OTTAWA—Federal MPs on the natural resources committee were to meet this afternoon for an emergency session to discuss last week's game-changing court decision to tear up federal approval of the Trans Mountain pipeline expansion project.

The meeting comes at the request of the three Conservatives and one New Democrat MP who sit on the committee.

A federal court last week ruled consultation with indigenous communities was not robust enough for the approval to be valid.

The court also said the National Energy Board hadn't properly considered the impact of an increase in oil tanker traffic off the coast of British Columbia that will result from an expanded pipeline.

The same day, Kinder Morgan shareholders voted to approve the sale of the existing pipeline and other assets to the federal government for $4.5 billion.

Conservative natural resources critic Shannon Stubbs said the government needs to explain whether it took into account the risk this court decision would come down as it did when deciding the only way to get the pipeline built in the presence of investor jitters was to nationalize it.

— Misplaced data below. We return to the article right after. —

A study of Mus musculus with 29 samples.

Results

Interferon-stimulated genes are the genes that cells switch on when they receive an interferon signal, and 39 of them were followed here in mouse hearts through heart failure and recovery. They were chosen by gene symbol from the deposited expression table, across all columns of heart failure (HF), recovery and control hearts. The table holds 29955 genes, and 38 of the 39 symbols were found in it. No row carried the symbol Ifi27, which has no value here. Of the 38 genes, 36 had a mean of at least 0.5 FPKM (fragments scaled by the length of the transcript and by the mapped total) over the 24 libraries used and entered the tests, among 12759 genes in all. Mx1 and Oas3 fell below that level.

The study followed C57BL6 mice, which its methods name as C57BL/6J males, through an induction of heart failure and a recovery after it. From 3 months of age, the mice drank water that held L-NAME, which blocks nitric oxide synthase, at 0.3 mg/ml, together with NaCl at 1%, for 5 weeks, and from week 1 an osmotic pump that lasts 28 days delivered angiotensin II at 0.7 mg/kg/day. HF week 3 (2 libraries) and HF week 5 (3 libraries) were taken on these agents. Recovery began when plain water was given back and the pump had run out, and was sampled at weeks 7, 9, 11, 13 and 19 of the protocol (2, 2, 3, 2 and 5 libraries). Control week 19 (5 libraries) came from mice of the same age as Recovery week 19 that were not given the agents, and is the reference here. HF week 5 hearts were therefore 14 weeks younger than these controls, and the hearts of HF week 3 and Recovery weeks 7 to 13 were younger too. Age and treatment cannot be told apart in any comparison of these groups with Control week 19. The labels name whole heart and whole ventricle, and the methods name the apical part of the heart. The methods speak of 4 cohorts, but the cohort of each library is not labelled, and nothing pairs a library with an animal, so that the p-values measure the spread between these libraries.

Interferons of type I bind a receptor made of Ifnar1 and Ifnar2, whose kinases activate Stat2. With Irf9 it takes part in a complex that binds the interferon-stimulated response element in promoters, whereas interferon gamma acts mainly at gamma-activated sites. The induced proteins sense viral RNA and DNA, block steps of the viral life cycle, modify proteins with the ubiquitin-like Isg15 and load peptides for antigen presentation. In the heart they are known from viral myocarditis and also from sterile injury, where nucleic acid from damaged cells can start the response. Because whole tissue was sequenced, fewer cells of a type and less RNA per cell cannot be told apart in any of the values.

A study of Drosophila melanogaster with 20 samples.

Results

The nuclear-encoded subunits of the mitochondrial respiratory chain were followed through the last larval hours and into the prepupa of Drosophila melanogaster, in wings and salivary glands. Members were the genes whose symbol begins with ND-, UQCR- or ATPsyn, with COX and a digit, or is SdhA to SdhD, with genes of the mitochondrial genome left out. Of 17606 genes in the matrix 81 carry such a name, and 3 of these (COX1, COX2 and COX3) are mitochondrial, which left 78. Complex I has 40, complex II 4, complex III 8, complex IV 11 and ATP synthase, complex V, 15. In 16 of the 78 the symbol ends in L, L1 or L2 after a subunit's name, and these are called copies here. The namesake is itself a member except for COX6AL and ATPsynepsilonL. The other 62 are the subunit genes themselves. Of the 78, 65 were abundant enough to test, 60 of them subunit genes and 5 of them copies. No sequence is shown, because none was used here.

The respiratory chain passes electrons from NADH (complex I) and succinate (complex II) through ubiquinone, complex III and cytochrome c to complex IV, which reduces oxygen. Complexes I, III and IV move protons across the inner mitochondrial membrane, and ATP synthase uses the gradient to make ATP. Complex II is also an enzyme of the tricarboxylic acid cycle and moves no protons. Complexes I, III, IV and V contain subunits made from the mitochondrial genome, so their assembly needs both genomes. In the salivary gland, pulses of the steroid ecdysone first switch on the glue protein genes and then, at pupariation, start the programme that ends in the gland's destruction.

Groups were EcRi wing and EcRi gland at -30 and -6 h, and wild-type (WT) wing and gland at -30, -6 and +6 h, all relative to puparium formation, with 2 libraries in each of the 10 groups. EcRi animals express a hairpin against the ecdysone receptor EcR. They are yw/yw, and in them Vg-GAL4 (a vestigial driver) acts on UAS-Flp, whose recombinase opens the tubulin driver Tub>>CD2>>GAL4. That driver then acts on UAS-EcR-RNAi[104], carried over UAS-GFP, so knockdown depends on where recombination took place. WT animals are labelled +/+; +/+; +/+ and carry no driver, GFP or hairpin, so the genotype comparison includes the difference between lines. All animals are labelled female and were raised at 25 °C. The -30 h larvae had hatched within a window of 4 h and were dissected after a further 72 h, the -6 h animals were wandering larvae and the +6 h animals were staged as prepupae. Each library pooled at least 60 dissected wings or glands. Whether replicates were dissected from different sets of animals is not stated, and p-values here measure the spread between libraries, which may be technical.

“It is a crucial question,” Stubbs said yesterday afternoon as she got off a plane to Ottawa to attend today's meeting.

She is hoping the committee will issue calls for both Natural Resources minister Amarjeet Sohi and Finance minister Bill Morneau to appear before it to explain how everything went so wrong and what their plan is now to fix it.

But it's unlikely any of those questions will be answered today.

It's not clear yet whether Canada intends to appeal the court decision or instead will endeavour to complete the consultations and considerations the court said were lacking.

The Trans Mountain pipeline carries crude oil and some refined products between Alberta and the B.C. coast.

Kinder Morgan applied to build a second pipeline parallel to the first that will triple the capacity, and Canada's hope is much of that oil would end up in Asian markets.

Canada's reliance on the United States for its oil exports decreases the price Canada can get for its oil—an amount Prime Minister Justin Trudeau himself says amounts to a $15 billion loss each year.

Ninety-nine percent of Canada's oil exports go to the U.S.